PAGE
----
Which Joe gave his name to ‘sloppy joes’? We look at five interesting sandwiches and their lexical origins.
A word having no conventionally accepted meaning.
- ‘He spoke gently to the little kitty, soft nonsense words, and put it back down besides its mamma.’
- ‘He gingerly wiped away the spit with his bib and rolled over, mumbling a few nonsense words.’
- ‘Colleen looked disbelievingly at his back, then she looked at Elliot and Ellen, sputtering nonsense words and pointing at him.’
- ‘Surely if it was random, you'd just get a string of nonsense words or something?’
- ‘Hans, Dayal and Pravin of Magic Lantern started with Lewis Carroll's Jabberwocky with all its nonsense words about a brave boy who slays a monster.’
- ‘The producers just hated having this nonsense word, ‘Phyro-Giants.’’
- ‘That's a nonsense word; of course I haven't heard it.’
- ‘He had spent days at a time learning lists of nonsense words, testing himself to see precisely how many he could remember.’
- ‘The speaker announced that she would pronounce a nonsense word, baba.’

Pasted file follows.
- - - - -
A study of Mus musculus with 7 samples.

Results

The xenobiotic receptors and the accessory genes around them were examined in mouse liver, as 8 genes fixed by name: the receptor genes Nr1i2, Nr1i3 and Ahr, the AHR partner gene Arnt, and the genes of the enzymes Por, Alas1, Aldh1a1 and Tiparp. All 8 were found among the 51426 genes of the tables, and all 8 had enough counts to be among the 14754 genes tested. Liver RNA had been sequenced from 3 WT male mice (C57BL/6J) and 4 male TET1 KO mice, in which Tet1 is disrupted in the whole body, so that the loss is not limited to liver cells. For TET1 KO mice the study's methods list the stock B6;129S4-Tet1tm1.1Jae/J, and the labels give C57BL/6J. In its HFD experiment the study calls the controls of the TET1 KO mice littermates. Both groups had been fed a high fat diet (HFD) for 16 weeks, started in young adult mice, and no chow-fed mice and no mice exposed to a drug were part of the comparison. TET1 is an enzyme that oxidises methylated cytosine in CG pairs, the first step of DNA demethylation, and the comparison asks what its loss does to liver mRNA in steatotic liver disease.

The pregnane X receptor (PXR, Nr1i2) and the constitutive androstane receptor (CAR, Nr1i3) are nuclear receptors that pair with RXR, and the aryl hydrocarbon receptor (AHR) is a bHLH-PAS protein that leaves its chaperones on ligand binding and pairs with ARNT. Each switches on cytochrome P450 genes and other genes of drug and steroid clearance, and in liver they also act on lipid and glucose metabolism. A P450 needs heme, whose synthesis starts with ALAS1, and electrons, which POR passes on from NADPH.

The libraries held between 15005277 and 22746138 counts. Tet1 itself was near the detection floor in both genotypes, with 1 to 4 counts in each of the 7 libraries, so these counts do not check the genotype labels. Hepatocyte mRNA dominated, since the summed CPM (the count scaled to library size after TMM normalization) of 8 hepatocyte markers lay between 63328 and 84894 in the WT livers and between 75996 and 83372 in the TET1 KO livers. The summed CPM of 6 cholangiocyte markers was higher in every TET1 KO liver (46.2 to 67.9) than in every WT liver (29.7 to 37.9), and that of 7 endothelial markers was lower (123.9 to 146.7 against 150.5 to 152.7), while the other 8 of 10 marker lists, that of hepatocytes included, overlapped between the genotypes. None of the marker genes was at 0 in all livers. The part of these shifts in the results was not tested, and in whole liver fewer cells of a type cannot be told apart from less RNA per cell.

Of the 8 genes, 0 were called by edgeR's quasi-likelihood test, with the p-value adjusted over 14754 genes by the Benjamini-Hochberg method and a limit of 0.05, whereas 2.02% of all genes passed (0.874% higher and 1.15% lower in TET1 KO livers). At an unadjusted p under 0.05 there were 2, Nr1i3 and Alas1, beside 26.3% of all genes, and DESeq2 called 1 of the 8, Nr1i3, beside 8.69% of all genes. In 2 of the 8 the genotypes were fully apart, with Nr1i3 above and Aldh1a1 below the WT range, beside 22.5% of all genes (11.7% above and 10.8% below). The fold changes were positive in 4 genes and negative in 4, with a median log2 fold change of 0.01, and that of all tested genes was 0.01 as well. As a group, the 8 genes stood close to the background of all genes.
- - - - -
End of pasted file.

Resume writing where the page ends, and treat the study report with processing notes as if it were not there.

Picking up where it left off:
- ‘Expressions of humor through silliness, nonsense words, or rhymes particularly enthrall preschoolers.’
- ‘The literal-minded Aphasia is a wall sculpture in which strings of tiny beads bearing individual letters have been arranged to form nonsense words.’
- ‘They held a brief conversation, filled with more nonsense words.’
- ‘Loren stifled a sigh of relief and bowed, murmuring nonsense words.’
- ‘I always thought it was just a nonsense word the Hoodoo Gurus made up.’
- ‘However, she did not recognize any of the titles, because the titles were all nonsense words, a random combination of letters and numbers.’
- ‘To ensure that the kids didn't already know the new words, Horohov and Oetting replaced 16 of the words in the stories with nonsense words.’
- ‘Gyre and gimble are nonsense words, made up by Lewis Carroll, and which do not have conventionalized meanings in the language.’
- ‘Her soothing voice flows over me in nonsense words I do not comprehend.’
- ‘Although nonsense words lose their novelty very quickly, when first presented they often provoke interest, curiosity, and even some amusement.’
- ‘No name tickled all our fancies, but we agreed that a nonsense word was the way to go.’
We take a look at several popular, though confusing, punctuation marks.
From Afghanistan to Zimbabwe, discover surprising and intriguing language facts from around the globe.
The definitions of ‘buddy’ and ‘bro’ in the OED have recently been revised. We explore their history and increase in popularity.